Can sleep apnea be cured?

by Greg Buckingham

Can sleep apnea be cured? I am 27 years of age and my ex partners have all told me I stop breathing when I sleep and it scares them.

I've been told this since I was seventeen and haven't really discussed it with anyone till know as I can relate to some of the side affects of it.

I have smoked since I was seventeen and wonder if that is the reason for this I have been thinking of giving up and know I think I have my reason to so tomorrow I will stop.


Sleep apnea can be cured only with weight loss, if the cause is, of course, obesity. Losing weight has cured many overweight people of this condition.

In general, sleep apnea is treated (not cured!) with a lot of treatments, so you don't need to panic.

Remember that sleep apnea will worsen if you don't start a treatment. And you will need the treatment for the rest of your life.

Just keep in mind that obesity is not the only cause of obstructive sleep apnea (OSA). Nor even the most common cause of OSA. One needs to consider that there is the formation and size of the mouth, jaw, throat, muscle tone, medications, other health conditions.

However, you didn't tell me if you snore in sleep or not. This is important, because there is another type of sleep apnea, named central sleep apnea, where the patient stop breathing in sleep because the respiratory center from the brain stops working during sleep.

If you have central sleep apnea, only a sleep specialist can help you.

So, the first step in treating your sleep problem is to speak with your doctor, ask to take a sleep test, and then follow the doctor's advice according to your sleep results.

If you snore (or a mild to moderate case of obstructive sleep apnea), you can treat your sleep problem at home with a bumper belt or antisnore shirt.

However, you should know that if you have a severe case of sleep apnea, CPAP machine is the key to a better sleep.

You can learn more about sleep apnea treatments here.

Keep in mind that if you wake up feeling better after the bumper belt or CPAP treatment, you still have sleep apnea. So, if you think you are cured and you can now smoke more, drinking coffee, or have an unhealthy are wrong.

It's like in need to change your life. Quitting smoking will be the first step.

Regarding smoking and sleep apnea...Read this page about causes of sleep apnea, and you will see that smoking is one of the cause for sleep apnea.

Here are some Sleep Hygiene Measures to help your body with sleep apnea, before going to the doctor:

  • Keep a regular sleep-wake schedule, including weekends.

  • Avoid caffeinated beverages after lunch.

  • Avoid smoking, especially in the evening.

  • Avoid alcohol near bedtime.

  • Restrict sleep to amount needed to feel rested.

  • Do not go to bed hungry.

  • Adjust bedroom environment.

  • Do not engage in planning the next day’s activities at bedtime.

  • Exercise regularly for about 20 to 30 minutes, preferably 4 to 5 hours before bedtime and not immediately before bedtime.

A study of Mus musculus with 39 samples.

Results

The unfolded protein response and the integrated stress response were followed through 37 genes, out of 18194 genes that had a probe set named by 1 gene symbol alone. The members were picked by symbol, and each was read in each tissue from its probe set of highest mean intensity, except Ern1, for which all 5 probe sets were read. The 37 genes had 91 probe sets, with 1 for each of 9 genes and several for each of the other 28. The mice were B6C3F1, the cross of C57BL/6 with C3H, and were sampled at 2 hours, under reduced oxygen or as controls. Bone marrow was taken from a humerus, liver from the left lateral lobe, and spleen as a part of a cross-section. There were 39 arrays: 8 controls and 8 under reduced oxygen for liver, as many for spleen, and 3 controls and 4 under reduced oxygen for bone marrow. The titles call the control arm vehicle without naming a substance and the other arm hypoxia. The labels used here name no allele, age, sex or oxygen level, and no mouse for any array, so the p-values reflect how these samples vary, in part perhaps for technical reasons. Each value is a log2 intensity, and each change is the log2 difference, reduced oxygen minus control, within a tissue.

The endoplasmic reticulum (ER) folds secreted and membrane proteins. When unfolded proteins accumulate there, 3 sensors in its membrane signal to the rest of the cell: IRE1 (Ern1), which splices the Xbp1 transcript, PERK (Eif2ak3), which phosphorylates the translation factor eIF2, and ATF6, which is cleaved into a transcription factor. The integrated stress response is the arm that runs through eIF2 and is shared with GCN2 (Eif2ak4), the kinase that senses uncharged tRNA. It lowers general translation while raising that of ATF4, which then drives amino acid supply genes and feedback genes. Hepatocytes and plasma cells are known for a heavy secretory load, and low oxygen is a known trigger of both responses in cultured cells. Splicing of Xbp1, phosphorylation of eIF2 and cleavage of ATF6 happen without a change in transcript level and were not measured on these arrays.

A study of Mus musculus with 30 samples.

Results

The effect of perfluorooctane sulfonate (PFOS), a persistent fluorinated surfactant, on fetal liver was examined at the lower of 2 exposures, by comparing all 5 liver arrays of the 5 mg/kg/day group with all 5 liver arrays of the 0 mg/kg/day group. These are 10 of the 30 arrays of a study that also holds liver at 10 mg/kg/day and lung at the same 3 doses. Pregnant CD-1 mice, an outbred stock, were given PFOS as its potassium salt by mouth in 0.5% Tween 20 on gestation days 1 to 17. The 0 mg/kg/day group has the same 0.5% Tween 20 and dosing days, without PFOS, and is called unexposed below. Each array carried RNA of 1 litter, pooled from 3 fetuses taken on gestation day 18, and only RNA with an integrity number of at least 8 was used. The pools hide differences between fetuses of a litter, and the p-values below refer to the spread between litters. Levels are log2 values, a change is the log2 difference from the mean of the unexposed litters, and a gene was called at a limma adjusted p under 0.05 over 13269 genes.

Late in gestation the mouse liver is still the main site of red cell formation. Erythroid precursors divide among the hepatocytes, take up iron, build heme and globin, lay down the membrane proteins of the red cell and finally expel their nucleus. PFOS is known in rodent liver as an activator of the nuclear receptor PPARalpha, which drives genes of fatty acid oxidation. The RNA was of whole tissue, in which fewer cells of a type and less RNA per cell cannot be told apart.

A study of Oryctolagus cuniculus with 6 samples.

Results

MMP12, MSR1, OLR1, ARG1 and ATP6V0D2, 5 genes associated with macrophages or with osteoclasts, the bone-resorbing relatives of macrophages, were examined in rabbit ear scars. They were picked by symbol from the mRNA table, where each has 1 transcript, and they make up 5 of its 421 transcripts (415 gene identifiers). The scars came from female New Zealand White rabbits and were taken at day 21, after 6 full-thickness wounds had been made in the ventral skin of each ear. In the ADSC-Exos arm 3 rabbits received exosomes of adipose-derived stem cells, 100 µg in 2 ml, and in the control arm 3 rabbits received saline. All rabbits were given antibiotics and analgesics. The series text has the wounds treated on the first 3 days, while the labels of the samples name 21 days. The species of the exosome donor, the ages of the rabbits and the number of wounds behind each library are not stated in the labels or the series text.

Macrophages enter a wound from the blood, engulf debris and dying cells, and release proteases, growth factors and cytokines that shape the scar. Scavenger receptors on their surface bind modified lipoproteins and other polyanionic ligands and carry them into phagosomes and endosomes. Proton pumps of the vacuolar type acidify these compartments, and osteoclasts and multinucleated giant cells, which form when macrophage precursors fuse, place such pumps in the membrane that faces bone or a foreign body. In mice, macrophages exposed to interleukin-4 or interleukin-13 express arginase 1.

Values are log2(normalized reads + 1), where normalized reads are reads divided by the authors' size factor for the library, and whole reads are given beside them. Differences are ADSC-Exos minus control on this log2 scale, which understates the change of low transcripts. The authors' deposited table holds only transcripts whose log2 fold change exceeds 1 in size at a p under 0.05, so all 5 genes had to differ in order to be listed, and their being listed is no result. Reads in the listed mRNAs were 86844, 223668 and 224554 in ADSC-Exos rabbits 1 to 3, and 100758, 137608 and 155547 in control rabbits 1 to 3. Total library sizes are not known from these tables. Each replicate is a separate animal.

I hope it helps. Don't be afraid to comment back.

Remy Thierry
Founder of Sleep Apnea Guide

Insurance Coverage for MMA surgery
by: Anonymous

Be sure to check with your insurance carrier. I tried to get this Covered under Coventry HMO/Open Access of KS and they have specific language excluding this type of surgery or any related to under or overbite, whether it is for a medical problem like severe OSA or not.

I have 84 episodes per hour and desat into the 70% range and complications of: cardiac arrythmias, diabetes, hypertenstion and obesity in all likelyhood related to my OSA- and this did not make a difference. Now, since I never thought to look in the exclusions, I will also probably have to pay for the services I got, major xrays, etc., that I had from the Oral surgery consult, plus the fee for his consult.

I sure hope National Healthcare in 2014 does a much better job for people like me.

Oct 31, 2013
OSA Causes
by: Charles

I was diagnosed with sleep apnea. The doctor was of the opinion that the cause was due to my being overweight (no argument with that...6' 4", 296 pounds). I responded very well to the CPAP treatment.

After about a year I went in to the VA Medical Center for an unrelated ear surgery. They ordered a chest x-ray prior to the procedure. Then they ordered an MRI. It turned out that I had a large (110 g) goiter growing down from my thyroid into my chest. It was crushing my windpipe (diameter reduced >75%) and pressing on my aorta. Life threatening is what the doctors said. After they removed the thyroid (precancerous) and the goiter I could breathe again.

However I still use the CPAP. I'm still not 100%, but my pulmonologist says that if I keep losing the weight (down to less than 270 stabile) I may be able to discontinue using the CPAP. I don't know if I can...I sleep so well with it.

Moderate daily exercise makes a big difference, too.

May 27, 2017
Q&A re: recommendations
by: Anonymous

I work a rotating shift (7 days each with days off between). I do try to get 6-8 hours sleep regardless each day. I am overweight. I am working on that. Per your list I need to stop planning tomorrow before bedtime. According to my doctor I may not get tomorrow without CPAP! The prognosis is scary. It seems to me that the remedy is workable. Life ends no doubt, but why get scared to death?

Oct 26, 2017
Almost gone
by: Anonymous

I've been using my machine for just a wk & my numbers have drastically gone down! Just 2 episodes a night now can I stop usin ths machine & be alright or am I stuck on it for the rest of my life?